Why has Fernando Torres been a flop at the former European Champions, Chelsea?

El Nino is what they used to call him when he was one of the hottest properties in Europe. The former Atletico Madrid star scored a total of 75 goals when he was on Merseyside, but failed to carry his form to London, why? 

1. The Price tag: £50m

We've seen footballers suffer from hefty price tags before, players such as Andriy Shevchenko, Andy Carroll, Jo and many more. Each of these footballers were prolific at their previous clubs, but when they moved, they turned out to be football's biggest flops. 

Andriy Shevchenko cost Chelsea £31m but scored only nine in 48 for the Blues.

Andy Carroll signed for Liverpool for a staggering £35m where he scored a poor six in 44 appearances. 

Manchester City signed Brazilian forward Jo for £19m where he only scored one goal in the league for the Citizens.

Having a large price tag can put pressure on players, especially strikers. As a Chelsea fan, I have to admit, Torres has had a hard time at Chelsea to deliver like he did at Liverpool, but with that price tag, it's always hard.

For £50m, your team would expect you to score every game and maybe Chelsea expected too much from the Spaniard? 

 2. Didier Drogba

There's not really much to say about this one. His biggest competition for the starting spot was indeed, the big Ivorian, Didier Drogba. There's very few in the world who could've done what this man did. His strength and scoring ability made him one of the biggest threats up front and poor Fernando Torres, he was second fiddle to the Chelsea legend.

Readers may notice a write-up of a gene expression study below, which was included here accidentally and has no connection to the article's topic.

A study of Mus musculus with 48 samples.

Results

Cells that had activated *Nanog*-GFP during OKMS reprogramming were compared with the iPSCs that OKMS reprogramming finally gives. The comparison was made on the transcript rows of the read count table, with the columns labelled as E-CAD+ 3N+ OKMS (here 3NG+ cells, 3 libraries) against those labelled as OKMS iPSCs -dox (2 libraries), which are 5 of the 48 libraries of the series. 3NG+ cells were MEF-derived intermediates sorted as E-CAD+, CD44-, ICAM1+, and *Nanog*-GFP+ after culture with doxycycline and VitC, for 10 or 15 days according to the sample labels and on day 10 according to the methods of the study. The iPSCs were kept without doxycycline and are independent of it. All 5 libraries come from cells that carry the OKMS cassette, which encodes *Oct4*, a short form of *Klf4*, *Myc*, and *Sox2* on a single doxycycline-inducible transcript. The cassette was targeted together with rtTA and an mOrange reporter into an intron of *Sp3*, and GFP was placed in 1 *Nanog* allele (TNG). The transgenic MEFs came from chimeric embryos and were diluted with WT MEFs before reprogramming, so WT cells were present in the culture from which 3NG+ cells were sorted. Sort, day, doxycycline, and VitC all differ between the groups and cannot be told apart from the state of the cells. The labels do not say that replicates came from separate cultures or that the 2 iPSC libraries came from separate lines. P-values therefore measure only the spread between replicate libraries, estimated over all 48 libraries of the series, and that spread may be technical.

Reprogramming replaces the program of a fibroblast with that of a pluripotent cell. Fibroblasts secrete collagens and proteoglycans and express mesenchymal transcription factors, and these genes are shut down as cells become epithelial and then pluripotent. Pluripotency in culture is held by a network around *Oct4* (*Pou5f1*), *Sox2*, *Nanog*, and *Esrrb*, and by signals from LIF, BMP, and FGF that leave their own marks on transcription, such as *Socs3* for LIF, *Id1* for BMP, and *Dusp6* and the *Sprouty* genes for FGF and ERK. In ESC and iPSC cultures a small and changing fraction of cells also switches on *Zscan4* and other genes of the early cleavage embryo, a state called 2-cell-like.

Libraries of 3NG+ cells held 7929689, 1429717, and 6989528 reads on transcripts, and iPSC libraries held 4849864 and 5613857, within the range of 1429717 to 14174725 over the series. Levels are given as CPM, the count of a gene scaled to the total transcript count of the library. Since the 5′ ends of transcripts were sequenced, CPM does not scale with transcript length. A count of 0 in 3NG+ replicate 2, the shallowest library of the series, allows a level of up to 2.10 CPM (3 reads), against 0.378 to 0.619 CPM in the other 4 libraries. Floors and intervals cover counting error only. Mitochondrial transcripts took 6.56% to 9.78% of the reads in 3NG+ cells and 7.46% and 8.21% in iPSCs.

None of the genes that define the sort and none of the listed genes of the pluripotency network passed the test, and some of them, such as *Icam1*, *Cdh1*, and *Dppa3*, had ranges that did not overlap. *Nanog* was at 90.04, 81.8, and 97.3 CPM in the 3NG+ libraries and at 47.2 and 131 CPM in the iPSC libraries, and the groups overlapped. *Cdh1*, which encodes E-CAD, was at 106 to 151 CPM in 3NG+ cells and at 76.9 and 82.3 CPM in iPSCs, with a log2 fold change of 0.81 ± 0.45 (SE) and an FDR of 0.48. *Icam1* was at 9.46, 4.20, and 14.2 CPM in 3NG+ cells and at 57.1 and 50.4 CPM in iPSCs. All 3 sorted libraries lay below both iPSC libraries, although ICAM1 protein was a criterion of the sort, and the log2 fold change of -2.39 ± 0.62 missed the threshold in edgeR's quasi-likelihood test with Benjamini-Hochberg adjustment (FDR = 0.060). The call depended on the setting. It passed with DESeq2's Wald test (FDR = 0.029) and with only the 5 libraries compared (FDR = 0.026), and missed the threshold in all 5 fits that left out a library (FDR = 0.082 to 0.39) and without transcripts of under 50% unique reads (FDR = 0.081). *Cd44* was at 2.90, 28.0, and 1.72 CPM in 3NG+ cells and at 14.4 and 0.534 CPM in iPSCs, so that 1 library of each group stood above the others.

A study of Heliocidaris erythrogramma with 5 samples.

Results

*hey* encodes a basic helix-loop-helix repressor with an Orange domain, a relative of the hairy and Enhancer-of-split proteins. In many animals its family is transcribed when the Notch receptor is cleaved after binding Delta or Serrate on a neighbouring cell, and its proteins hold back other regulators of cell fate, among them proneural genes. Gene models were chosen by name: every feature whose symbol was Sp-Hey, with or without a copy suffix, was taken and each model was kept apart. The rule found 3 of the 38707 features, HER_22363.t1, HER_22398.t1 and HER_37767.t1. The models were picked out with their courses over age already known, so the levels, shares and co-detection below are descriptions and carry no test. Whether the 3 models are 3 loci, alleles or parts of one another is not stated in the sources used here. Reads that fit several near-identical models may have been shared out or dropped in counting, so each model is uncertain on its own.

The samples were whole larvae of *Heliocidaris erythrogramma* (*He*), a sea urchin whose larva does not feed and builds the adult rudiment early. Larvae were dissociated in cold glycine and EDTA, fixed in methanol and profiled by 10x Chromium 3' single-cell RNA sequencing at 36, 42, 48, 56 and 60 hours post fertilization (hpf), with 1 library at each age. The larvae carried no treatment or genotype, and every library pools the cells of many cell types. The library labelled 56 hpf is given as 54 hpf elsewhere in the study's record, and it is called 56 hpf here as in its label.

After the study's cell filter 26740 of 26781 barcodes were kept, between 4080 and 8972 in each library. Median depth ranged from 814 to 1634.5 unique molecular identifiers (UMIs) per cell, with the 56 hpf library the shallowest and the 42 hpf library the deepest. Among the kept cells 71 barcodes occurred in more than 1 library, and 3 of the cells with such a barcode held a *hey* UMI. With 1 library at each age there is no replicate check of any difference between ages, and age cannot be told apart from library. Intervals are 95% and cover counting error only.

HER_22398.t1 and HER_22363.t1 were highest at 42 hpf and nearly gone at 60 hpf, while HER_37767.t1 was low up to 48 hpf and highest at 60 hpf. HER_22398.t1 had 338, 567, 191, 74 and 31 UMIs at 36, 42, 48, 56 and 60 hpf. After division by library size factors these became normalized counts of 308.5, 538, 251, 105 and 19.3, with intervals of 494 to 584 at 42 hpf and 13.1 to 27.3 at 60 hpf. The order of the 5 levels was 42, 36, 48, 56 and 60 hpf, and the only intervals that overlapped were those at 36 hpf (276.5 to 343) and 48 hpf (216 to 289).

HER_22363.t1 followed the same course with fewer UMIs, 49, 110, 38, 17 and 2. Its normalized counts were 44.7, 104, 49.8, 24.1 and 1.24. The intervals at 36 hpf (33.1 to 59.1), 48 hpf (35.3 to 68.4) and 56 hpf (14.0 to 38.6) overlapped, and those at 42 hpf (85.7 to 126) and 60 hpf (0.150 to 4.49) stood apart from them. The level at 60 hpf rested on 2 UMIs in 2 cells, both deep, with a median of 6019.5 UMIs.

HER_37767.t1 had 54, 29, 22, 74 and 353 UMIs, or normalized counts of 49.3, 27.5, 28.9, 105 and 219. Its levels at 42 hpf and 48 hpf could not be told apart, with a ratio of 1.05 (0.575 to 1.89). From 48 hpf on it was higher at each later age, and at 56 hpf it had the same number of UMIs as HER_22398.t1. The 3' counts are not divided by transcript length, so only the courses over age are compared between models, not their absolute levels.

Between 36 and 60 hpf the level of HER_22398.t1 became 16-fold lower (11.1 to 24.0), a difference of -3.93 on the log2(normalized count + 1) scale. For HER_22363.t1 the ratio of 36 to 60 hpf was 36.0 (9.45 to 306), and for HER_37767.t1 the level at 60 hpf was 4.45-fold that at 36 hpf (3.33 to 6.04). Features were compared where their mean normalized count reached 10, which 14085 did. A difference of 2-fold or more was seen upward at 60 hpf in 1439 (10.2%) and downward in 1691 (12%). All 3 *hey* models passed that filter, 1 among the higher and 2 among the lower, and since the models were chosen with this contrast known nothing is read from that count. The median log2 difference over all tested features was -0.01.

Bought at £24m, the current Galatasary forward delivered every season, scoring roughly 15-20 which helped them win three Premier League titles, two Community Shields, four FA Cups, two Capital One Cups and of course the Champions League. 

3. Instability at the club

The 29-year-old has worked under five managers including the current one since his time in a Chelsea shirt. Each manager has their own ways and tactics to make their team better but this is never good for a player.

Every year (or ever half a year), Torres had to adapt to different tactics and formations according to the manager's likings and this could effectively be a reason to Torres' downfall as a footballer. 

4. Tactical configurations 

At Liverpool, Fernando Torres was always lurking around the last defender waiting for the perfect through ball to fight for - but things have been different at Chelsea.

If you watch him now, he is the type of player who would play as a false nine. He would stand with his back to goal so he could support others such as Juan Mata, Oscar and Eden Hazard. He has evolved as a player but is that a good thing? Probably not. 

5. The 'open goal'

Do you remember that goal? No, because it never happened. 18th September 2011 was a day Fernando Torres would love to forget. Losing 3-0 at half time to Manchester United, the Spaniard scored a beautiful chip to give the Blues a beacon of hope but what came next was absolutely unbelievable.

On the 83rd minute, with the score standing at 3-1, Torres worked his way superbly around De Gea to gain his second of the match but instead scuffed the ball into the stands. 

Torres didn't enjoy it, but the papers did. The miss provided easy headlines and this surely ruined the former Merseyside striker's confidence as he has been mocked for the miss ever since.